Google parent Alphabet on Tuesday reported quarterly earnings that fell short of market expectations as belts tightened in the digital ad market that drives its revenue.
Alphabet said it made a profit of $14 billion in the third quarter on ad revenue that grew just 6 percent to $69 billion when compared with the same period of last year.
Aside from one period at the start of the Covid pandemic, that would mark the weakest revenue growth at Alphabet for any quarter since 2014.
"When Google stumbles, it's a bad omen for digital advertising at large," said Insider Intelligence analyst Evelyn Mitchell.
"This disappointing quarter for Google signifies hard times ahead if market conditions continue to deteriorate."
Alphabet shares slipped 6.3 percent to $97.90 in after-market trades that followed the release of the earnings report.
"We’re sharpening our focus on a clear set of product and business priorities," Alphabet chief executive Sundar Pichai said in an earnings release.
"We are focused on both investing responsibly for the long term and being responsive to the economic environment.”
Alphabet chief financial officer Ruth Porat said the financial results in the quarter showed "healthy fundamental growth in Search and momentum in Cloud" computing revenue, but suffered from foreign exchange rates given the strong US dollar.
"We're working to realign resources to fuel our highest growth priorities," Porat said.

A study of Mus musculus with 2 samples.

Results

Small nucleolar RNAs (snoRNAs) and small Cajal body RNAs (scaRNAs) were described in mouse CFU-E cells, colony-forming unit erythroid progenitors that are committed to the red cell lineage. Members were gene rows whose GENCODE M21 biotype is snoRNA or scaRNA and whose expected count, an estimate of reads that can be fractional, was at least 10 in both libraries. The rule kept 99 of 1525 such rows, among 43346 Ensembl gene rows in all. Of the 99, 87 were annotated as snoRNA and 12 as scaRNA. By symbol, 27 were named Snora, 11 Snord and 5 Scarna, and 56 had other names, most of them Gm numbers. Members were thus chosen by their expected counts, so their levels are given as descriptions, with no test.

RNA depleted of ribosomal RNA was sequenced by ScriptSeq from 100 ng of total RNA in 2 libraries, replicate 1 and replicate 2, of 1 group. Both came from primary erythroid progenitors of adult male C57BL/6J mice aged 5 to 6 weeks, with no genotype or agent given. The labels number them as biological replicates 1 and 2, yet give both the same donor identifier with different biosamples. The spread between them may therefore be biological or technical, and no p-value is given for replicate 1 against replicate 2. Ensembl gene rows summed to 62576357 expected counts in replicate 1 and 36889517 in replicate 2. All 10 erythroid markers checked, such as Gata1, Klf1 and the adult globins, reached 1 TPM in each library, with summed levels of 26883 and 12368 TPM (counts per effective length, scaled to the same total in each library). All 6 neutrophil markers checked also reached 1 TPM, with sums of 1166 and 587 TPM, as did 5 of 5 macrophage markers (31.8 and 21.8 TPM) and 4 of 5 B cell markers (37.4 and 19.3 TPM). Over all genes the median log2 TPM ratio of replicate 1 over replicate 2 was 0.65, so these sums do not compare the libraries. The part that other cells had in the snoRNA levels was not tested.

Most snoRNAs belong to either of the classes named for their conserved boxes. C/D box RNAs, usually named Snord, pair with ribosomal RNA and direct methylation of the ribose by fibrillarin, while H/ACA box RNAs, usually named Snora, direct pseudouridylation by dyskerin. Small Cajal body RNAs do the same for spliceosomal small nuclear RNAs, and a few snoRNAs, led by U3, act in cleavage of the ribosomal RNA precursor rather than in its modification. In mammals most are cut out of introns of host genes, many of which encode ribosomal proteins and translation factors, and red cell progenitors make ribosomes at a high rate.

Big tech firms are grappling with multiple challenges, from inflation to the war in Ukraine, and results in general for the quarter have been muted.
Alphabet, with more than 174,000 employees worldwide, has recruited throughout the pandemic, but announced a slowdown in hiring as ad revenue growth cooled this year.
Many other tech companies have decided to lay off staff, including Netflix and Twitter, or slow the pace of hiring, such as Microsoft and Snap.
Worsening the financial situation for Alphabet is the fact that Google tends not to aggressively promote advertising on its platform with tactics such as trying to convince businesses that more advertising is a smart move during tough economic times, said independent tech analyst Rob Enderle of Enderle Group.
"They don't like the idea of making their money off advertising, so they don't treat the market very well," Enderle contended.
"Now, you are seeing the adverse impact of not taking your revenue source seriously."
The earnings report also showed that ad revenue at YouTube was slightly lower than it was in the same quarter a year earlier, despite a hot trend of people watching video on-demand on the internet.
Alphabet noticed a "pullback in spending" by advertisers at YouTube in the quarter, chief business officer Philipp Schindler said during an earnings call.
"They have a ton of competition in video, and TikTok is probably hitting YouTube pretty hard," Enderle said.
Netflix last week reported that it gained more than two million subscribers in the recent quarter, calming investor fears that the streaming giant was losing paying customers.
The company said it ended the third quarter with slightly more than 223 million subscribers worldwide, up some 2.4 million, after seeing subscriber ranks ebb during the first half of the year.
The turn-around in subscriber growth comes as Netflix is poised to debut a subscription option subsidized by ads in November across a dozen countries.
Rival streaming platform Disney+ is to launch ad-subsidized subscriptions in December.